The Right Coast

March 09, 2004
Iraqi Constitution Signed
By Mike Rappaport

Fortunately, the 5 Shiite holdouts have changed their position and approved the temporary Iraqi Constitution. It thus received the votes of all 25 members of the governing council.

Apparently, Ayatolla Sistani decided that it made more sense to agree to the Constitution and to attempt to work out differences at a later point. This is enormously important, not just because it allowed for the establishment of the temporary Constitution. It also shows that the Shiites can compromise and decide to forego lesser goals in order to achieve larger ones. While this might seem weak praise, it is not. In a region without free politics, these habits of political behavior must be learned. After more than 50 years of negotiating, the Palestinians have never done so.

While I am discussing the temporary Iraqi Constitution, I should clarify something I previously wrote. The temporary Iraqi Constitution requires that the permanent Constitution be enacted through a general referendum and provides that “The general referendum will be successful and the draft constitution ratified if a majority of the voters in Iraq approve and if two-thirds of the voters in three or more governorates do not reject it.”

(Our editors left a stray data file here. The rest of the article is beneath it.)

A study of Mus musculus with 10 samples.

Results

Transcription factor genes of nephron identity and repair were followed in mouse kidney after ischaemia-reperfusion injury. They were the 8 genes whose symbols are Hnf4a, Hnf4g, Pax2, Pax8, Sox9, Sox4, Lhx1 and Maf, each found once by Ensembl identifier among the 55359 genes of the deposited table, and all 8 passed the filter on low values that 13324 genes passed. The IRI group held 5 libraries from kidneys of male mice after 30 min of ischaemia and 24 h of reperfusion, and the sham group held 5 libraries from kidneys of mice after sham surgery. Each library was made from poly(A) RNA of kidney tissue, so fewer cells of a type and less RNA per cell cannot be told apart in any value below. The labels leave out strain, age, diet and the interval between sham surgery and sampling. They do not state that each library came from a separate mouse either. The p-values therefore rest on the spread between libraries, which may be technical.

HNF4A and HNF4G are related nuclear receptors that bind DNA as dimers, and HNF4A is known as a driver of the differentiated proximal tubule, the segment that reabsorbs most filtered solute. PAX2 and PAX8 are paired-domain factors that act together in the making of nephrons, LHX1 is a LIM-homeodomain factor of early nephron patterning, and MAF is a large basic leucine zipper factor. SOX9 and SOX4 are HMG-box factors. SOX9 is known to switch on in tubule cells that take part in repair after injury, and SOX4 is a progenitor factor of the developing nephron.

In an earlier post, I described this as requiring a supermajority rule for the establishment of the permanent Constitution. While the rule is a supermajority rule in the broad sense of not making majority support sufficient to pass the Constitution, it differs from ordinary supermajority rules that require, say, 2/3 of voters to enact a measure. This rule is less constraining than an ordinary supermajority rule, because it allows a majority to enact the constitution subject only to the constraint that the constitution is not strongly rejected by three provinces.

While an ordinary supermajority rule would have been stricter and therefore potentially better, it also would have made it more difficult to negotiate an agreement. Despite Iraq’s achievement in securing unanimous agreement for this temporary Constitution, perhaps it would simply be too difficult for that nation, which has not had democratic institutions, to ratify a constitution under a supermajority rule. While Americans did it in 1787, they were not plagued by terrorists from other nations and had been engaged in democratic politics and constitution-drafting for many years prior to the ratification contest.